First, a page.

It all comes back to the process.
It’s so noisy out there, on the internet.
Why is there so much advice out there about how to live? And why do I feel compelled to listen to any of it?
It’s almost March, which means we’ve been here more than two months, we are more than a quarter way through this British adventure. Every day I wake up feeling the pressure of time. I am wholly cognisant of the fact that I will not have all these hours to write when life returns to its normal Los Angeles shape and pace in August and I should take up every single one of them with full force, I shouldn’t waste a single one on…a nap, an afternoon spent reading, a long walk, a coffee with a friend, a saunter into town for a book or a pastry. But the truth is that I need all those things, and I need them desperately, to feel like a whole, sane person.
I’m working on a long project, and part of my bad mood last week had to do with the (quite obvious) realization that this will take years. Years! Of course. You can suddenly have so many more hours in your week and have written, oh, 40,000 words and still be nowhere near clear on what it is you’re doing. (I’m an overwriter rather than an underwriter.) It hit me how unrealistic it was to assume that, come July, I’d have a draft of this thing.
Now, I could have pieces of a draft, or I could have a very messy, unformed thing by July, that is true. I could have the shape? A sense of the characters? I could have enough to feel like I have some sort of grip so I don’t lose it all when I have fewer hours to write? But doing a daily word count for me is useless. I wrote something like 40,000 words and grasped that the story was going nowhere (at least I did grasp that?). I was, still, so many words in, at the very, very beginning phases of this process.
When I decided to attempt this new project, one of my biggest fears was that I’d spend ten or so years, on and off, on something that never got published (again). The idea of repeating that slog felt like a supremely depressing endeavour. When I want to soak in the misery of it, I simply click onto Instagram to see all the people with their shiny book sales and cover reveals and book tours — even while I know, I KNOW! that they, too, spent years and years and years in the dark, not really knowing what they were doing. This isn’t new territory; it’s the story of our age. Don’t compare your insides to other people’s outsides, etc. Applies to lots more than book writing.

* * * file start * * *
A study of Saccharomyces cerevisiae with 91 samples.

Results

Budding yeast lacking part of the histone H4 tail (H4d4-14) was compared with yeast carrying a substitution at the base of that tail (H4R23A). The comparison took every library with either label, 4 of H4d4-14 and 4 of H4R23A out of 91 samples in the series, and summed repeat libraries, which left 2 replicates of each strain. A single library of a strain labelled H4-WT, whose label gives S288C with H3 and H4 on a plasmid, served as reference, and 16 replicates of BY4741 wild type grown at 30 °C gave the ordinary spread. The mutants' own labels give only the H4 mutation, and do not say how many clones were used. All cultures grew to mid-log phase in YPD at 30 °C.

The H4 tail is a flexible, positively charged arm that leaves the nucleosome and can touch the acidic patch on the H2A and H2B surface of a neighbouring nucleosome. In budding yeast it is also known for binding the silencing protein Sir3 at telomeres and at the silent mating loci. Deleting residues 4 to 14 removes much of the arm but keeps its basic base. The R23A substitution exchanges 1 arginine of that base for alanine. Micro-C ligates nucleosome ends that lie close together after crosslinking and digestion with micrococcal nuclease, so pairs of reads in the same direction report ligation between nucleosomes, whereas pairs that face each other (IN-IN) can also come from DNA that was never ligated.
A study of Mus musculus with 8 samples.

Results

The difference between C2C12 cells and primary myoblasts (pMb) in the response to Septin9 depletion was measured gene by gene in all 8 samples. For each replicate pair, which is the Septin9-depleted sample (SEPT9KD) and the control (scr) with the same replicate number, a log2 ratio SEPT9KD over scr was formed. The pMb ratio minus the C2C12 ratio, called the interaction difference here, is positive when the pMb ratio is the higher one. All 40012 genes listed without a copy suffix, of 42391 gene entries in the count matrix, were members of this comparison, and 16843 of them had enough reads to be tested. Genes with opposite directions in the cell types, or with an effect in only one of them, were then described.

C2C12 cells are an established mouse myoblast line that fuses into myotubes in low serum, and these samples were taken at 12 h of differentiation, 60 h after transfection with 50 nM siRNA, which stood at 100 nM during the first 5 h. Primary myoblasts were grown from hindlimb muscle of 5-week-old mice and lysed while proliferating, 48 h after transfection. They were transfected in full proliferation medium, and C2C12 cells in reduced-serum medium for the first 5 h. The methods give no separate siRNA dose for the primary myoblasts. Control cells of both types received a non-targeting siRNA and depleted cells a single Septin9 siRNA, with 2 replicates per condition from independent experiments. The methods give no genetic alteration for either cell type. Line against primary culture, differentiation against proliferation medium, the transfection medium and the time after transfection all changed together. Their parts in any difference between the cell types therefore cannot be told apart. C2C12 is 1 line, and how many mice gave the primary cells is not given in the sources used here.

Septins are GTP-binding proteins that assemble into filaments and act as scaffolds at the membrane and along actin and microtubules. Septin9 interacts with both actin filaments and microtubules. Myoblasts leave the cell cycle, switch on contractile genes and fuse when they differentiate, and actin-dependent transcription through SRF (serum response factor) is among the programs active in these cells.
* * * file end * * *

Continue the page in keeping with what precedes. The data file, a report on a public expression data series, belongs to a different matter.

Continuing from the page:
And yet, I knew I wanted to try again, because how else did I really want to spend my time? My brainspace? My creative juices? My intelligence? My heart? My one wild and precious — you know, you know.
And perhaps what I (still!) know is that the creation part is the best part. It really is! I mean, I’m sure if I ever sell a book I’ll look back at the moment it happened and find that pretty thrilling, too, no doubt, but of course I know that it is the mornings I am now tucked into my secret corner of the library, absorbed in this new world I’m building, that will, eventually, emerge as the most satisfying. Remember when you figured out that something would happen between those two characters? Or when it turned out the story needed to be told from twenty years on? Is there anything better than witnessing things cohere? And God knows how it all happened?! Magic, really.
This isn’t another piece about the creative process and how we should revere it above all else, or at least above “success.” I will never give up my anti-goals stance, in part because the joy of being inside the art you’re making feels different than ticking off accomplishments. It feels like being underwater, like not needing to bob up to the surface to check on things, you know? It feels like swimming around in the depths and seeing what’s there for us. The minute we swim up and look around and see how far from shore we might be, we are done for — or at least I am, or at least done for the day (see above).
I want, above all else, for these next few months, to stay underwater. To feel and sense and see the shape of things down there, not the rewards on land, which may or may not come. This might mean making some changes to my daily life (not checking Instagram, for instance? Does it all come back to that!?). It might mean not worrying about the rest of the noisy world and its stupid imperatives — lose weight, work out, wax my eyebrows, track my steps. It might mean just trusting the process, pushing a little at the edges (going to the library even when I don’t want to) and relaxing in other ways (knowing a day lost is only that: a day). Perhaps it means weighing things differently: this sounds interesting and also I’m not sure what it might look like or really what it means, but maybe it’s worth a shot?